China will use its economic might in new and troubling ways
Jongryn Mo, a professor at the Graduate School of International Studies at Yonsei University, writes in the Wall Street Journal that China’s actions regarding its exports of rare earths to Japan marks a shift in how it uses its economic might to influence political matters. The global community should recognize that this may continue, and it should not be reliant on China’s economy.
QUOTE: For now, the rare earth case resembles earlier incidents in so far as trade appears to be returning to normal only a few months after the trouble started. But it should raise some serious questions on both sides moving forward.
Germany must lead the European Union to recovery
Frank-Walter Steinmeier, former German foreign minister, and Peer Steinbrück, former German minister of finance, write in the Financial Times that Germany must lead the European Union into taking strong action to decisively end its economic problems.
QUOTE: The required solution is a combination of a haircut for debt holders, debt guarantees for stable countries and the limited introduction of European-wide bonds in the medium term, accompanied by more aligned fiscal policies.
China and WikiLeaks both challenge the current world system
Columnist Thomas Friedman writes in the New York Times that both the rising nation of China and a “rising collection of superempowered individuals” are posing a challenge to the world system.
QUOTE: A stable world requires that we learn how to get the best from both and limit the worst; it will require smart legal and technological responses.
Americans want a return of domestic manufacturing
Columnist Harold Meyerson writes in the Washington Post that to build America’s prosperity, the Obama administration must make policies that encourage companies to manufacture their goods in the United States.
QUOTE: Americans are fearful, rightly, about the decline of their country's economic leadership, and they see the offshoring of manufacturing as a primary cause of that decline.
More trans-Atlantic cooperation is needed to boost innovation
William E. Kennard, the US ambassador to the European Union, writes in the International Herald Tribune that the Obama administration and European Union should do more to boost trans-Atlantic cooperation. The United States and Europe need policies that support innovation.
QUOTE: Innovation is a holistic process that cannot be supported by top-down government policies alone; it must also be driven from the bottom up with businesses and communities leading the way.
The euro project was too ambitious from the start
Former economics editor Edmund Conway writes in London’s Daily Telegraph that if the eurozone collapses, the debate will be on whether its death was inevitable or due to the financial crisis.
QUOTE: As economically logical as it might have been, the euro project was simply overambitious and unrealistic.
It’s time to account for America’s spending overseas
Mike Honda, a US congressman from California, writes in the Los Angeles Times that the United States has failed to provide the necessary oversight and accountability as it has spent billions of dollars on the war in Afghanistan. He argues that an independent office should monitor America’s spending overseas.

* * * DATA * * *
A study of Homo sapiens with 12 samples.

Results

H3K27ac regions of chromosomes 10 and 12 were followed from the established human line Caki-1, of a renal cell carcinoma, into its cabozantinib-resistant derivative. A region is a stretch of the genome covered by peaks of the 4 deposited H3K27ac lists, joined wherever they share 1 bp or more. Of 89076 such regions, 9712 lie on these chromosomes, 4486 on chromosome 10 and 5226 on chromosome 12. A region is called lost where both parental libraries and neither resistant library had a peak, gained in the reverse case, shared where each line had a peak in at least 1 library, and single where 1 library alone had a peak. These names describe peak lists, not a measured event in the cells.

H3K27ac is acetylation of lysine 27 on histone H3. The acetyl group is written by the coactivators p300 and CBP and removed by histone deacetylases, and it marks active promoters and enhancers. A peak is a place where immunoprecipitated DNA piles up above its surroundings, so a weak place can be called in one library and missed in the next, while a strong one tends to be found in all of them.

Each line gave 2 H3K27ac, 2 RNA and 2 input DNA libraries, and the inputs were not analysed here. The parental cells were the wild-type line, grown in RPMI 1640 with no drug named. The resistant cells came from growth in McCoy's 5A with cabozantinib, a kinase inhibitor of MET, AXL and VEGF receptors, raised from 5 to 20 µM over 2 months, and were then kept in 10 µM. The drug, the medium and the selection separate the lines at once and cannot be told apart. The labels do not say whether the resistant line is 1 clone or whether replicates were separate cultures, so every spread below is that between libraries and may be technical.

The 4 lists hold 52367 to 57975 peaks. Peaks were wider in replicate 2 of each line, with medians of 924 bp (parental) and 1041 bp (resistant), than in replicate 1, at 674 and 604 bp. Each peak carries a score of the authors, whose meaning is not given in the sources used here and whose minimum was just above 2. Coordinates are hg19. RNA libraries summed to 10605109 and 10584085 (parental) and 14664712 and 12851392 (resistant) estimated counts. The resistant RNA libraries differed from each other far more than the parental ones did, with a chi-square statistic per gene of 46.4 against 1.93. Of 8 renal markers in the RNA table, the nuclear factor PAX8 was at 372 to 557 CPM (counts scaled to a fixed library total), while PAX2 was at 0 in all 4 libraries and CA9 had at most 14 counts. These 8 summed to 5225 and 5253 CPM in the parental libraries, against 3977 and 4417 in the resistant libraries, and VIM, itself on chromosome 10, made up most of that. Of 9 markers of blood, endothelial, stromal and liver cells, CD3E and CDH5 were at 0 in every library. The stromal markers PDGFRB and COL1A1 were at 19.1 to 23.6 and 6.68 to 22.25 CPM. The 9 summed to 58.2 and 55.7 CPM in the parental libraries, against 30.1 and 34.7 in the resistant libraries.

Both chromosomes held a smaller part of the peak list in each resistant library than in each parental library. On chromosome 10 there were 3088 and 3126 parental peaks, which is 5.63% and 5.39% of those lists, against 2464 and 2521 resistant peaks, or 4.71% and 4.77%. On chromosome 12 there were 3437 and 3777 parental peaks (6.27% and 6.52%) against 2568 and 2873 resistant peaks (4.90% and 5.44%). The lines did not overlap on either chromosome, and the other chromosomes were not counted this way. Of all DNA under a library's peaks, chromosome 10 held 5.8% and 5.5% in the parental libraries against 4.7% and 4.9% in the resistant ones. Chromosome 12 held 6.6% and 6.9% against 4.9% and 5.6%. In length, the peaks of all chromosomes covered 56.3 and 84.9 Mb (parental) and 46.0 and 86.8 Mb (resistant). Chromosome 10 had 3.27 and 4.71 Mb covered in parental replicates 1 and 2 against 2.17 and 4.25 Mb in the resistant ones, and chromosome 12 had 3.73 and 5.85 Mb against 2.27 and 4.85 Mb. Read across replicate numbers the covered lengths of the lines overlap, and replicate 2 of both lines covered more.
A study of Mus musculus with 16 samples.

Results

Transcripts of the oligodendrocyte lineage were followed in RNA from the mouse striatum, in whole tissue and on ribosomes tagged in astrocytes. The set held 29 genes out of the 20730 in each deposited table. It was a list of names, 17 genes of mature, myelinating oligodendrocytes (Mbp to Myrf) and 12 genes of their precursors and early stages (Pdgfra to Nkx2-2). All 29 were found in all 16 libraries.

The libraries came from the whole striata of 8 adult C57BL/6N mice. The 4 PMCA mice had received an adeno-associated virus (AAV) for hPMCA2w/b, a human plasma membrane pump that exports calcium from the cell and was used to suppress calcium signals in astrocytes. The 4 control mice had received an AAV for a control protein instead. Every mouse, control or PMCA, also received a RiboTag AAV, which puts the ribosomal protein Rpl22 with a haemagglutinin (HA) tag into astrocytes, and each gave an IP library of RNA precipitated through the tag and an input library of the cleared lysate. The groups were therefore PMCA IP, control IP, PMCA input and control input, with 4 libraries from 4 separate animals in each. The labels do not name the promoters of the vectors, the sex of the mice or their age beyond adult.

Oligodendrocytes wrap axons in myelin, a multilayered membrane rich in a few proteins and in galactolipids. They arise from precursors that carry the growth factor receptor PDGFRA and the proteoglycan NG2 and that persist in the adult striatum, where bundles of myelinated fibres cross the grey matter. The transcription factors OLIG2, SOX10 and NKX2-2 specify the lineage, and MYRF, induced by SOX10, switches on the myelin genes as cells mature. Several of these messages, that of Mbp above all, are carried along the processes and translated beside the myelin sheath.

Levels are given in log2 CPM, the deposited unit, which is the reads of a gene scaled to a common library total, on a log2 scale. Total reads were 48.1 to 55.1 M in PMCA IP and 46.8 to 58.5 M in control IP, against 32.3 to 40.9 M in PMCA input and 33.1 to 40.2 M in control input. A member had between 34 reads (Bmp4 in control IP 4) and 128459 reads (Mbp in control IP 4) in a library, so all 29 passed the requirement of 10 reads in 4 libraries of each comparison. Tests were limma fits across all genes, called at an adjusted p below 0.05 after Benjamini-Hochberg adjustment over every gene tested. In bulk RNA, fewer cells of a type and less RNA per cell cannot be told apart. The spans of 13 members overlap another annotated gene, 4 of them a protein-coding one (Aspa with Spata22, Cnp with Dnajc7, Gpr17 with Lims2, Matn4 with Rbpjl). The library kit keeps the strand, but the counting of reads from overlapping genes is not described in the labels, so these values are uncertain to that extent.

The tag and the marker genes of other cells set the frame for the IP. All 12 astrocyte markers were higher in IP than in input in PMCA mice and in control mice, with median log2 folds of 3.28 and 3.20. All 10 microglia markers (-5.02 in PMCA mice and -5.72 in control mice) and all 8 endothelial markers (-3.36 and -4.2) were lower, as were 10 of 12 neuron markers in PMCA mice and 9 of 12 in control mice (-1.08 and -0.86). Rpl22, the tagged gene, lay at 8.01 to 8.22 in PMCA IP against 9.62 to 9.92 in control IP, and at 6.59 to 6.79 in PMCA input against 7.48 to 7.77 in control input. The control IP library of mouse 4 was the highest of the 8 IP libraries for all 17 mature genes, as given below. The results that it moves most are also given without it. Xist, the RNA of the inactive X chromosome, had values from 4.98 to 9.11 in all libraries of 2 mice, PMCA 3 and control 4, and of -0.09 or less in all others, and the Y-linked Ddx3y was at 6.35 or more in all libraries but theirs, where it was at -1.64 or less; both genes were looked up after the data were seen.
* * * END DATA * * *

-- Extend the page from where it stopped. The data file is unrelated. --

QUOTE: We cannot afford to continue overseas relief and reconstruction efforts in an ad-hoc fashion, spending billions of taxpayer dollars under "emergency" pretexts with too few conditions and too little coordination, transparency, oversight and evaluation.
China’s efforts to polarize the global community are dangerous
Columnist Frank Ching writes in the China Post that China has recreated the semblance of the Cold War over the Nobel Peace Prize ceremony by forcing other countries to choose between supporting it or the West. He argues that this is very dangerous.
QUOTE: By depicting the issue as a struggle over values — alleging that the West is trying to foist its values on China and other countries — Beijing is turning this into another ideological battle.
Berlusconi fails Italy’s economy
Tito Boeri, professor of economics at Bocconi University, Milan, writes in Project Syndicate that Italian Prime Minister Silvio Berlusconi has survived a confidence vote. But his government has failed to make the structural reforms necessary to promote potential output and growth. Furthermore, the government was not honest with the people about the extent of the economic problems in the country.
QUOTE: The disappointment of the majority of Italians with Berlusconi’s rule will be even larger when they realize that this government never presented the facts as they are.
India and China must join together and look at the wider region
Siddharth Varadarajan writes in the Hindu that India and China both face similar challenges as leading Asian powers. Rather than continue their confrontational approach, they should join together and focus their energy on pooling their resources to improve the wider region.
QUOTE: Broadening the regional and global agenda is the best way to move away from the rancor that the boundary question has started to generate. Sixty years have already elapsed without it being settled. Waiting a few more years should not be a problem for either side.